Will the new Mugabe-Tsvangirai pact bring everyone together?
 

What happened
Zimbabwean President Robert Mugabe signed a power-sharing agreement with opposition leader Morgan Tsvangirai Monday, making Tsvangirai prime minister. It is unclear how much power Mugabe will cede, after 28 years of control, or how the two bitter enemies will work together to fix the country’s dire economic problems. (The New York Times)

What the commentators said
The power-sharing pact is hardly perfect, said Britain’s The Independent in an editorial, but it’s “as much as a political realist could have expected.” In fact, Tsvangirai secured a better deal than looked possible a few weeks ago. He will control the police, but his “trump card” is that only he can attract the much-needed foreign aid and investment.

Unfortunately, “the real power, the security forces, favors Mugabe,” said The Christian Science Monitor in an editorial. And leaving “significant power” in Mugabe’s hands “defies the will of the voters” who kicked him out at the ballot box. The best you can say about this “unlikely political marriage” is that it has stopped the political violence.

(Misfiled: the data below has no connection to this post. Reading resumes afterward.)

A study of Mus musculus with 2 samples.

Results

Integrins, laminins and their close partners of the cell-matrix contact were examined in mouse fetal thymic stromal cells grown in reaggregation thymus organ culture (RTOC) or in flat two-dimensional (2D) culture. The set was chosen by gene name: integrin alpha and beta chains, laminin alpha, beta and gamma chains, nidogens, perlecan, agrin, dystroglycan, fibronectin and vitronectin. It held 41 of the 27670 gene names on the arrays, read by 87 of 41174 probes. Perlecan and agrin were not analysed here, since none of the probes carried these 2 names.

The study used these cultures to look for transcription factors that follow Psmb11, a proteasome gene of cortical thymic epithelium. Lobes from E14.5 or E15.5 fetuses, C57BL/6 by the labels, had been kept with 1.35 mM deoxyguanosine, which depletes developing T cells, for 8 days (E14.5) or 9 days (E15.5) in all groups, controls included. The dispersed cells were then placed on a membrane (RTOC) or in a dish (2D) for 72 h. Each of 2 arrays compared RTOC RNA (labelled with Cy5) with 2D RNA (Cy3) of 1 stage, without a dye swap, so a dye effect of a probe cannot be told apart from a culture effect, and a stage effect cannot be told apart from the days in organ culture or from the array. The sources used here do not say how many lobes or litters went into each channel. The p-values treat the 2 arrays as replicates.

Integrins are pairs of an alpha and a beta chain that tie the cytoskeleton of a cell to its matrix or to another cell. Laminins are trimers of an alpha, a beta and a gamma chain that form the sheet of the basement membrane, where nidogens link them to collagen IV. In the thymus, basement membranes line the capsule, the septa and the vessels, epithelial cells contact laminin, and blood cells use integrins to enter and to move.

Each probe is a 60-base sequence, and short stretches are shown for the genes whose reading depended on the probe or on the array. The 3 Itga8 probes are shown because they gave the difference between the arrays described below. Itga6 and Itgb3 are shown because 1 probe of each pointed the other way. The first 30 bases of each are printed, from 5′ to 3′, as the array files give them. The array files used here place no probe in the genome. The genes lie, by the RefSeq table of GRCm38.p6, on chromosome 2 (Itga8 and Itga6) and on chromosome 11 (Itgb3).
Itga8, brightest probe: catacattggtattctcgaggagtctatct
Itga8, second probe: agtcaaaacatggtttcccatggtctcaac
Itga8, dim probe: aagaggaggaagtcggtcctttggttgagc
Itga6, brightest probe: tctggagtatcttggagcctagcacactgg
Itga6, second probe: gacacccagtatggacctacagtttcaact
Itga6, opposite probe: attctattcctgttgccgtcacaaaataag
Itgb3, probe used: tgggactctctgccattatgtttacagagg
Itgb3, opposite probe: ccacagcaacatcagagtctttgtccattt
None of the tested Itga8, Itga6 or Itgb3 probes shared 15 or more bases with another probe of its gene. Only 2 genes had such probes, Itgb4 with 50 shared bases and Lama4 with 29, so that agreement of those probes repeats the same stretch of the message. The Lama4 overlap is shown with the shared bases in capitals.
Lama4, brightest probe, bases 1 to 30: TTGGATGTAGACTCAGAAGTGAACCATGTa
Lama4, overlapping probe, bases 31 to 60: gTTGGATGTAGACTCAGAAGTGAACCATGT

Sitting across from the very people who “ordered them to be brutalized” will be “hard to swallow” for Tsvangirai’s party, said Britain’s The Guardian in an editorial, but it will probably only be for two years, until the next round of elections. Controlling the police means that Tsvangirai can ensure “free elections,” and no one thinks Mugabe can win a fair fight.